Flashgal's opening level makes it look like it's going to be a Kung-Fu Master
clone, but it actually expands into a variety of level types as you get into it. Our rather suspiciously Elektra-esque heroine will fly in a helicopter, ride a motorcycle, ride a jet-ski and apparently even travel back in time to feudal Japan to wield a katana before all is said and done.
The game doesn't really give you much of an in-game story, but from context apparently Elektra/Wonder Woman has had it with Chibi Kingpin's criminal exploits and is hunting his ass down. He shows up as the boss of every level starting with the third one, usually appearing to fire a powerful gun repeatedly while surrounded by infinitely respawning mooks that keep rushing you.
The gameplay is decent for 1985 standards, a bit on the jank side sometimes but you can find much worse in the arcade roster of this period. The main compelling quality of Flashgal is simply its quirky weirdness. It was clearly inspired by popular comics of the time, particularly Daredevil given the mini-Kingpin villain and the main character's visual design. But there's all sorts of random stuff tossed into the soup too in the fine Sega arcade tradition of the '80s, like the wild ostrich enemies that turn into a rump roast when defeated. Said ostriches also sometimes randomly drop a gun, and one of the best little meta touches in the game is that there's a huge Trojan warrior sub-boss who appears in some levels, but he'll immediately turn tail and run his ass away if you've got the gun when you reach him!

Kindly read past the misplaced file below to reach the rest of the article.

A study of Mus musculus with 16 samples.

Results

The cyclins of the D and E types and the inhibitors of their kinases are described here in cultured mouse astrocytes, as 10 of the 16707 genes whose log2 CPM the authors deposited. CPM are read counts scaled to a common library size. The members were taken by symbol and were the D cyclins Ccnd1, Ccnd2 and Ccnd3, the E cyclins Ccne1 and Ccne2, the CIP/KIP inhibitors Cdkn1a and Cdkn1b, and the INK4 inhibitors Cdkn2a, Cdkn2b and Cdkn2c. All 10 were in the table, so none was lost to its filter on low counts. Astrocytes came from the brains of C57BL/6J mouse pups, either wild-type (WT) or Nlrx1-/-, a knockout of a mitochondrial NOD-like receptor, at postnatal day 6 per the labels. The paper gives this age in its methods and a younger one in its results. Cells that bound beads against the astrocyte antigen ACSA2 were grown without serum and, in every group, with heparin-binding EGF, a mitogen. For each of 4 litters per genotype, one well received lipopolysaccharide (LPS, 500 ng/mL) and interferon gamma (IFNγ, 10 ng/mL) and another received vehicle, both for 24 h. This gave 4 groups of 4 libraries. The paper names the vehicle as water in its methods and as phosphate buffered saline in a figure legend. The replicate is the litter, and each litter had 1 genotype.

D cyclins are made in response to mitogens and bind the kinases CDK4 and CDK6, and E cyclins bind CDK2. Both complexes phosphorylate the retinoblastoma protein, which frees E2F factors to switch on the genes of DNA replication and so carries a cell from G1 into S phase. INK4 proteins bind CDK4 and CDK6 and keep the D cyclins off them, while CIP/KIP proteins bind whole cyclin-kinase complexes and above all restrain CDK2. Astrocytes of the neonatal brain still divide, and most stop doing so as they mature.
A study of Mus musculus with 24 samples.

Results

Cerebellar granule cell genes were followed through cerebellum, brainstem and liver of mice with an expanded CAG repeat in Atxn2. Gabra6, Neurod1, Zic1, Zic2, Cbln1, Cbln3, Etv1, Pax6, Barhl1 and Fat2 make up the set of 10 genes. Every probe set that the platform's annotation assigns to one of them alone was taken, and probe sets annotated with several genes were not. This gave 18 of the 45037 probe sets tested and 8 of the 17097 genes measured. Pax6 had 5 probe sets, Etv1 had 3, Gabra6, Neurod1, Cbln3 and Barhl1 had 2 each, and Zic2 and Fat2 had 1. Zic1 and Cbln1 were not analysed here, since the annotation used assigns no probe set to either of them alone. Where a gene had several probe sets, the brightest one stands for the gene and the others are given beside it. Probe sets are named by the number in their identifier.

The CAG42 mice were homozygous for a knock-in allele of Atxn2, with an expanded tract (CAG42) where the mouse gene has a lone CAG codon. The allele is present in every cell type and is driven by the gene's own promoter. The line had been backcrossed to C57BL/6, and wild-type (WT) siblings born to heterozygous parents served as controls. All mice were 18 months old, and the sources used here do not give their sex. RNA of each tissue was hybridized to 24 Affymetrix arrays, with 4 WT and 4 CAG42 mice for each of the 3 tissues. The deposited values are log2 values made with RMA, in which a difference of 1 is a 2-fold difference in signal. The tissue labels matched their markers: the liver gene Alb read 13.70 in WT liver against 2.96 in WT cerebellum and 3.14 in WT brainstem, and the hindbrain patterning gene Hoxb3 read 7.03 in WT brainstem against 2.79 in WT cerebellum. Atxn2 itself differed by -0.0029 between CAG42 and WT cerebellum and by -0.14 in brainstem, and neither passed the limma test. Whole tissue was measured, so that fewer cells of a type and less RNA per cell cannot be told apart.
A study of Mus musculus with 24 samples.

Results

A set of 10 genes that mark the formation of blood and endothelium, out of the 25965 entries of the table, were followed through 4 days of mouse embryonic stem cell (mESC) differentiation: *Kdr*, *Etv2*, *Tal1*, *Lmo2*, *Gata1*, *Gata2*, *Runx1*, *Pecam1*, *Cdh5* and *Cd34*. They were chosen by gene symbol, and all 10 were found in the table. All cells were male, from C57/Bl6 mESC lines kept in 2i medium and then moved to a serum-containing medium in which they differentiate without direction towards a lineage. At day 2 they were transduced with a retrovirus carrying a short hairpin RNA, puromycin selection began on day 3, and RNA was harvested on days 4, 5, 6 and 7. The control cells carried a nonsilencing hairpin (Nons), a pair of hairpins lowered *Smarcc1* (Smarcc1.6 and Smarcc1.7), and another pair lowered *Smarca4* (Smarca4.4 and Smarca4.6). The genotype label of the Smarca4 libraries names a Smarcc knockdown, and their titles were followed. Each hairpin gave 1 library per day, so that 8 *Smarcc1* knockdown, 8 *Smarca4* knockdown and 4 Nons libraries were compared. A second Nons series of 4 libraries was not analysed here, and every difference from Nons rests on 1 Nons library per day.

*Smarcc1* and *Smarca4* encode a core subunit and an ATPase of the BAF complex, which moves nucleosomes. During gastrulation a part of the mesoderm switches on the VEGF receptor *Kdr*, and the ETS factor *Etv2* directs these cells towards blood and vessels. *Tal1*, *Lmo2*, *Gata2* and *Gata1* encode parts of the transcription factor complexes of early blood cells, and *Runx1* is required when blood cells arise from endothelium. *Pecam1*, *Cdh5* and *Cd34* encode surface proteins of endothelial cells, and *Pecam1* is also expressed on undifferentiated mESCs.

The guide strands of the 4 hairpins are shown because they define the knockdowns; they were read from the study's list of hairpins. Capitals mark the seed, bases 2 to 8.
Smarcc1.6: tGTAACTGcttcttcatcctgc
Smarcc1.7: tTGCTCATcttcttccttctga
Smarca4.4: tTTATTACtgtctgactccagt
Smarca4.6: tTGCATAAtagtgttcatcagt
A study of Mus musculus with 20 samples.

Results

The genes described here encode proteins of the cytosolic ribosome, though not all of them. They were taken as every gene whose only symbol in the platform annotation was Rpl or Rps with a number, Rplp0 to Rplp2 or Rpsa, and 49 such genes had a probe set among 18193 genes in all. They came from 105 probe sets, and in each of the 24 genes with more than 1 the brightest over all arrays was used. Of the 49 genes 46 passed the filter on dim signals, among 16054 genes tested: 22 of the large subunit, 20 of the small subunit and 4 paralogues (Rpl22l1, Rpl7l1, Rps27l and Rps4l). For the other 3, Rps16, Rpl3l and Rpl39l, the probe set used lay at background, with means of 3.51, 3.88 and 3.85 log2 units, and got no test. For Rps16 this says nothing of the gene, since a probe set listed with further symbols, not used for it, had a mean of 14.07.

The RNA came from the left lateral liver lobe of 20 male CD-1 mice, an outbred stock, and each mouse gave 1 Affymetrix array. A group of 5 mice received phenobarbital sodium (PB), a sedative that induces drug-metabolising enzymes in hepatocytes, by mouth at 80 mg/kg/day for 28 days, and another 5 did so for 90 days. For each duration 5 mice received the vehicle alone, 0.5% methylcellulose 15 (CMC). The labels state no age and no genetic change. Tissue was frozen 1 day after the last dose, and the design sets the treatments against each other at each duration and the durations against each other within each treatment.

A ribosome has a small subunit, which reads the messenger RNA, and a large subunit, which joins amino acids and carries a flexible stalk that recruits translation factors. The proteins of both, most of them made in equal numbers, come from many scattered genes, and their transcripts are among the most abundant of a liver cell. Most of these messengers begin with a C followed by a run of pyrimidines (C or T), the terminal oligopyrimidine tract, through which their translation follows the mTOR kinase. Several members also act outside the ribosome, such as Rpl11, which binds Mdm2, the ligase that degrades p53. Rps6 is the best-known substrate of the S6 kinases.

The fighting / sword-wielding levels work a lot better than the vehicle levels, since there's a margin for error as you have a health bar (which seems to replenish as you beat up certain enemies), whereas collision with anything in the vehicle levels burns a life. Nothing about the game is all that difficult until near the end, as you can brute-force your way through with the Power of Quarters thanks to a generous checkpoint system. The eighth level, which puts you on a jet-ski, has checkpoints that are spaced out further and is just absolutely brutal. Though the game isn't fantastic, it was solid enough that I was interested in continuing to play up to that point just to see what weirdness would come next, but the jet-ski level is just far too nasty to keep throwing yourself at.
Pretty sure some of this team later went on to do the Streets of Rage games, as Flashgal bears more than a passing resemblance to Blaze, and a number of enemy concepts appear to have been recycled as well. Sword-wielding Flashgal may have also lent some inspiration to the design of Tyris Flare from Golden Axe.